Research has long proved that your subject lines can be the difference between your emails being opened, immediately trashed, or sent straight to the spam folder. Here are 7 free tools that can help you come up with subject lines that facilitate email marketing success.
This tool is about as simple and straightforward as it gets. You enter your subject line and you’ll be shown a list of the good and bad components it contains. Each good and bad element of your subject line is assigned a point value so you add or lose points based on quality, and receive a score out of 100. For instance, you might lose 15 points for lacking a sense of urgency or gain three points for using the second person POV.
What makes Subject Line so valuable is the fact that it’s based on research conducted on over 3 billion email messages (and counting). Those messages, subject lines included have been tested on over 800 different rules and factors so, as you can imagine, the creators of this tool know what works.
This analyzer, provided by CoSchedule, provides more insight into the strength of your subject lines (and blog post titles). It takes into account the use of common, uncommon, emotional, and powerful words. Not to mention the type of headline, sentiment, keyword usage, length, and the placement of key ideas.
Headline Analyzer is especially useful if you want to compare the strength of several subject lines in one session. Entering a new option doesn’t erase your previous ones. Rather, the Headline History section allows you to see all scores at a glance and switch back and forth to consider the finer points.
Also created by CoSchedule, Email Subject Line Tester is, of course, specifically for email subject lines. Like Headline Analyzer, it has the Headline History feature and shows previews of what your subject line will look like on various devices.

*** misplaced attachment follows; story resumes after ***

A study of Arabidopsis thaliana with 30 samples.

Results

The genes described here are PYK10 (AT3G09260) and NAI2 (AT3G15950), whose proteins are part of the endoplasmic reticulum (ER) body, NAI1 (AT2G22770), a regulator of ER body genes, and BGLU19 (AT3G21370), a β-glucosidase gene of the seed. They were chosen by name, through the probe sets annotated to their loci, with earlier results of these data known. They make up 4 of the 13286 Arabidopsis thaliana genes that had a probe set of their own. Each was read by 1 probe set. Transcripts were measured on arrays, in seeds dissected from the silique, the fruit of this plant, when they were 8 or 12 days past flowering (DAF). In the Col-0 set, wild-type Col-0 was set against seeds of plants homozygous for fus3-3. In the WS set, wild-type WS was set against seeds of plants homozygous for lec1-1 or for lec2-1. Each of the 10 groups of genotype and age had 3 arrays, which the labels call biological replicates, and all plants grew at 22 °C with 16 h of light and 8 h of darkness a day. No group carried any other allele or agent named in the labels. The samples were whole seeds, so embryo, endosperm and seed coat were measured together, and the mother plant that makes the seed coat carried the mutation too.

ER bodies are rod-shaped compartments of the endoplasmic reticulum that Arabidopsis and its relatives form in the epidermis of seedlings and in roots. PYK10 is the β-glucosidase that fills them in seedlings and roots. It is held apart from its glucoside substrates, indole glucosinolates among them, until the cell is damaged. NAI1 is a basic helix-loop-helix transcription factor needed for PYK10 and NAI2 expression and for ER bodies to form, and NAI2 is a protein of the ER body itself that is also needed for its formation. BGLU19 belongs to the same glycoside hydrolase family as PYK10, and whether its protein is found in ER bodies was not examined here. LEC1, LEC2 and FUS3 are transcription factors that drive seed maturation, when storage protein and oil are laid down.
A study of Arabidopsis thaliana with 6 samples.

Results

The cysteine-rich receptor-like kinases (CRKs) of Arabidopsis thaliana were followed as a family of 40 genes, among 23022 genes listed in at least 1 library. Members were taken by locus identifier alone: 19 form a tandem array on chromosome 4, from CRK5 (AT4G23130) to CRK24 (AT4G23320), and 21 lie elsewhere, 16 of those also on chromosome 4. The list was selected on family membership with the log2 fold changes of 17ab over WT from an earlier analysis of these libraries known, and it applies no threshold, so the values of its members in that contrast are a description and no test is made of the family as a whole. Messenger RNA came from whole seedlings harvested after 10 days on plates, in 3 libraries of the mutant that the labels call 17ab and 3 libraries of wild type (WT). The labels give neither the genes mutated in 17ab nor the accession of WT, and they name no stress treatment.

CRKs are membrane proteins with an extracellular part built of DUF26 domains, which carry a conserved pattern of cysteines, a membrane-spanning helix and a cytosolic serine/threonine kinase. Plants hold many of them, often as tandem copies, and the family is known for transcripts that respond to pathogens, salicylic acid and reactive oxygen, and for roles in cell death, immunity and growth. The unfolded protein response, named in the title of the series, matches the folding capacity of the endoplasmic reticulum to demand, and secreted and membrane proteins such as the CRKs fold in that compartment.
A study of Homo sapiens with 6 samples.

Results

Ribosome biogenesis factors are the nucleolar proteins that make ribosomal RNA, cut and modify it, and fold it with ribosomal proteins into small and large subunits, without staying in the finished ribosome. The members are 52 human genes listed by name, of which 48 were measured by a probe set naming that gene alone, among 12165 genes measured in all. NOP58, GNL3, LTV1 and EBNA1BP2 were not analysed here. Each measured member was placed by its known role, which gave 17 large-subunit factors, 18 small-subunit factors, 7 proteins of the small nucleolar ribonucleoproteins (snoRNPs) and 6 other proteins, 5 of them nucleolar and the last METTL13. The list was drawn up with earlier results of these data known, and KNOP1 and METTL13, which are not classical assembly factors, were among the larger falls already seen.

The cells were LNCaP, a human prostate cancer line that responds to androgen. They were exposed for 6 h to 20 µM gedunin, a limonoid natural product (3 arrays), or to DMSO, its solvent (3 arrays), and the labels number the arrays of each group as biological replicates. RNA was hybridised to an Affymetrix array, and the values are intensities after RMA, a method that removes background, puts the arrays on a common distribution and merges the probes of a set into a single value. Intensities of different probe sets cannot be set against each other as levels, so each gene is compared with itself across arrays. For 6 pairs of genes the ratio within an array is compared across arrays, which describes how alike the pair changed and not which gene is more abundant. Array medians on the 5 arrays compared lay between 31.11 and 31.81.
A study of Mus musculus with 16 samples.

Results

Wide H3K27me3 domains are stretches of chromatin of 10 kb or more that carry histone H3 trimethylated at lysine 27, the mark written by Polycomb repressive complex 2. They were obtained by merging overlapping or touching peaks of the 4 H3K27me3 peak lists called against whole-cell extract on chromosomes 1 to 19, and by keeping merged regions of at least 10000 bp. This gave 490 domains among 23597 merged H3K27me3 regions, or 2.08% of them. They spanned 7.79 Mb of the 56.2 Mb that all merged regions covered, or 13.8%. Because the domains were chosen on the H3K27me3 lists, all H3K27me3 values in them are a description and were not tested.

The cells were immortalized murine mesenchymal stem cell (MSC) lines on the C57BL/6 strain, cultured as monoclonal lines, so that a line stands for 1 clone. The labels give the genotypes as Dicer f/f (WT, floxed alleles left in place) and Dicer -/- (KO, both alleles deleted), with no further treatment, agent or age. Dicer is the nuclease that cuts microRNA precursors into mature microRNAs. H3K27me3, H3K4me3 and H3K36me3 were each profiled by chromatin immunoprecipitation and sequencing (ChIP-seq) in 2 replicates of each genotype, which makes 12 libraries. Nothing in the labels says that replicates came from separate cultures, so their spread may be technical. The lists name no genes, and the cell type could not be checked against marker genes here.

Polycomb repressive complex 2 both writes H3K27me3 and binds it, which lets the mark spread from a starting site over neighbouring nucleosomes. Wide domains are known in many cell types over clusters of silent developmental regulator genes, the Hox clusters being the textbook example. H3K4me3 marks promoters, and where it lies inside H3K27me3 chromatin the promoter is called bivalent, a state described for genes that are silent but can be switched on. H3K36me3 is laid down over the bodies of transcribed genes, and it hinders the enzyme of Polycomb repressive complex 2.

However, the rest of the analysis is a bit different. It reports on words that increase and decrease email opens, the case your subject line is written in, whether there are any number present, and length. Each section provides brief but valuable research-backed tips that can help you make improvements.
This tool from ZURB is focused solely on mobile. In addition to showing how your subject line will look on the most popular devices, it shows how your sender name and pre-header text look. This extra insight can help you tighten up your emails before you send them and find out that they’re not as effective as you’d expected.
Send Check It provides one of the more detailed analyses out there. It assigns subject lines a letter grade and corresponding point value based on scannability, length, reading grade level, sentiment, personalization, and type. It also checks for:
Last but not least, it shows you a desktop and mobile preview.
Created to alert senders if their emails trigger spam filters, IsNotSpam is an invaluable tool. All you have to do is send your email to the designated address and then view your report. Send Check It will point out words or phrases that could result in your message being marked as spam.
In addition to running checks on your subject line, you’ll get additional insights into your entire email message.
This is a good tool to keep your subject lines consistent in terms of capitalization, especially if you use a particular style (e.g. AP, Chicago, etc.). If you’re in a hurry, the tool is fast and easy to use. But Capitalize My Title also provides helpful rules of thumb on capitalization so that, eventually, you won’t need the capitalization checker.
As you’ve seen, just about every aspect of your subject line can be tested from its appearance, to its content, to its format, and beyond. By doing your due diligence before you send a message to your subscribers, you boost your chances of getting the results you want. Why not try out the tools listed above for yourself, and see how you can combine them to write more powerful subject lines?